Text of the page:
It’s an interesting connundrum when you do travel or photojournalistic-style photography. Your main goal is telling a story, and that might mean including quite a bit of information. In this picture, what caught my eye right away was the guy on the phone with one foot bare – and the story was he was waiting or his shoe to be repaired in the shop. I made this image ‘quickly’ before the moment changed, and then thought I might like to come in closer/frame it tighter. But if I did, I lost the shop sign, and that was part of the story. If I kept the sign, I’d be losing the guy’s feet, and they were part of the story, too. At 40mm on my lens, there wasn’t much I could do to improve on the image, and with the reflective foil wall inside the shop, I didn’t want to make that any larger by getting closer. In the end, this was the best way I could see to capture the moment, but it’s a complex picture because Bhutan is one colorful place with a lot of ‘stuff’ on their shop fronts. Though I love to simplify scenes when I travel, sometimes the story is in all the little details that make the picture work.
How do you see Bhutan changing and what’s in store for future generations?
Good question, Kalani. What I have seen in just the three trips I’ve made since April 2008 is increased building of hotels, as they open up to more tourism, along with other building near the main cities. Internet is pretty available to the people, and cell phones of course, and all the electronic gadgets are brought in from India/China. Still, right now, it’s pretty darn traditional regardless of those ‘amenities’ – and as you travel to just outside the main cities, you find the lifestyle more traditional and more rural quickly. It’s a constitutional monarchy with a democratic society now, but that is all still pretty new to the country as a whole and they still love and rely on their king for guidance. He’s a young man in his 30’s but very responsible and all the past king and queens are involved in keeping the goodwill with the people. I believe that Bhutan will have a great challenge to maintain its traditions as they reach out to the westernized world, but those will not go completely away. The government is working hard to keep things in balance.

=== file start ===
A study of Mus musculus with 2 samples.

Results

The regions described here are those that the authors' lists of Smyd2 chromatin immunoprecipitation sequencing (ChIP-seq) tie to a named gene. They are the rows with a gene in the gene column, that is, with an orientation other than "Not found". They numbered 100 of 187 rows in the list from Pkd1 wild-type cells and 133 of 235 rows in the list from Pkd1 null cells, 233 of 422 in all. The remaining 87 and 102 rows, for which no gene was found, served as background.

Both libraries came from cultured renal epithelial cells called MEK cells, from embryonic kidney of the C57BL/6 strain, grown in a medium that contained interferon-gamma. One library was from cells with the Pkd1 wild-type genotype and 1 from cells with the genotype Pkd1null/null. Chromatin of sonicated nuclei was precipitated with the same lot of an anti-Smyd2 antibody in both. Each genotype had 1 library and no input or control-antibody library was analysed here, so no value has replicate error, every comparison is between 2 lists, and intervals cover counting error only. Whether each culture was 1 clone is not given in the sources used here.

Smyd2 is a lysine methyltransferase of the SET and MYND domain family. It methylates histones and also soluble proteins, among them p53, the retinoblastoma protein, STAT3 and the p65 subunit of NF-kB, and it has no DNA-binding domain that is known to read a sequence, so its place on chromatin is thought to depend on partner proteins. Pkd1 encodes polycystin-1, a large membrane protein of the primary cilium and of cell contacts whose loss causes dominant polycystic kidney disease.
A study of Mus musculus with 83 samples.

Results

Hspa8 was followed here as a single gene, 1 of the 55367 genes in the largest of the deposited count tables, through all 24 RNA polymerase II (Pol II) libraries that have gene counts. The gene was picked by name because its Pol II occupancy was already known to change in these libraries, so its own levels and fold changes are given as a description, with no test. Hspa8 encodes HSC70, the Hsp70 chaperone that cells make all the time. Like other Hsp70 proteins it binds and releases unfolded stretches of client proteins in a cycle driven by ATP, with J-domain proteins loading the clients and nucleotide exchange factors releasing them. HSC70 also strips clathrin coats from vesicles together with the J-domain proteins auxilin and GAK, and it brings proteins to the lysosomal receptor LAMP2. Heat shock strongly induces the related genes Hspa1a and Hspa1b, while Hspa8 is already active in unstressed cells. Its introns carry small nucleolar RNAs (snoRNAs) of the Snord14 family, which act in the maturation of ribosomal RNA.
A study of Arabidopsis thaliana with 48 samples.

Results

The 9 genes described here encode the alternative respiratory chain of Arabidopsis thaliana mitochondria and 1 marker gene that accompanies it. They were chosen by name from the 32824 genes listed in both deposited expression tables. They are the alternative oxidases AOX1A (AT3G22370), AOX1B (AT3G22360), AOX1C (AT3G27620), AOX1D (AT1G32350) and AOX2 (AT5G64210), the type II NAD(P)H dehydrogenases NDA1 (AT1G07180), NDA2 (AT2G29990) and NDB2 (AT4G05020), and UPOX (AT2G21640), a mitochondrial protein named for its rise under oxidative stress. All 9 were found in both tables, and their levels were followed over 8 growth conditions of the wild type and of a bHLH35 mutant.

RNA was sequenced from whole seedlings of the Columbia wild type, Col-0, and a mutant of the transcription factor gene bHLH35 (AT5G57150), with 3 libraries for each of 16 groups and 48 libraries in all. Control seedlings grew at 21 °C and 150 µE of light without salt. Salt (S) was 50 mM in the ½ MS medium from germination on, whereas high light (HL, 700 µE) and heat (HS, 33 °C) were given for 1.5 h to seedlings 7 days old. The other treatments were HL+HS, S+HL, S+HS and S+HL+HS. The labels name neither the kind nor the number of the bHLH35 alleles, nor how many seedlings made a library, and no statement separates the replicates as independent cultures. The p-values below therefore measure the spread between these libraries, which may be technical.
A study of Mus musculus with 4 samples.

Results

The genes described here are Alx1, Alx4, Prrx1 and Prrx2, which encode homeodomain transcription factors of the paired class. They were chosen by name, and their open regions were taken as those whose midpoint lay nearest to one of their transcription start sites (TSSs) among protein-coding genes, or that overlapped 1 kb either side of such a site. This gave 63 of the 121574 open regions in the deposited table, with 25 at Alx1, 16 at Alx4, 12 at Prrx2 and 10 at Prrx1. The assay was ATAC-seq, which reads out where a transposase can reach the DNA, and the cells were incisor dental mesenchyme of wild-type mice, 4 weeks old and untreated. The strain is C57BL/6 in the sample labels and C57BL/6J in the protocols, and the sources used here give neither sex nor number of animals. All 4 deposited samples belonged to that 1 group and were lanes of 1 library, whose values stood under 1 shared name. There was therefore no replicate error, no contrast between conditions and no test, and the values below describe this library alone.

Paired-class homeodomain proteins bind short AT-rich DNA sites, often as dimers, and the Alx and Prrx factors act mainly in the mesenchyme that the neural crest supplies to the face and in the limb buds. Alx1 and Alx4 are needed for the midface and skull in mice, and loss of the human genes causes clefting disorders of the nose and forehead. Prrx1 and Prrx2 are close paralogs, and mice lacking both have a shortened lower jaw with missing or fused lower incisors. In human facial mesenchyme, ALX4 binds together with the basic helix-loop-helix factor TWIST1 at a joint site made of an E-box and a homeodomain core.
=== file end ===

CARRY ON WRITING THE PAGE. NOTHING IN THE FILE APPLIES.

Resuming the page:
What a wonderful photograph, Brenda! One-shoe grabs the eye right away, and look how the angle of his leg points to the cobbler inside. I strain trying to see what’s happening in the shop, then my eye wanders all over the rest of the picture, delighting in all the little details. Look at the decorative touches above the door, what’s on the shelf on the right? what are those green balls? I’d love to see this image big enough to really study all those wonderful details.
Thanks, Greg. Yes, it’s an image that has to be larger, as often is the case with complex images, to see all the details. When it’s larger, the shop interior shows a bit more and those details become a little more ‘clear’ – but those green balls? Who knows – some toy-filled plastic I think…thanks for commenting!
This works extremely well Brenda. Love this image. Your blog thoughts are right on the money! Great choices.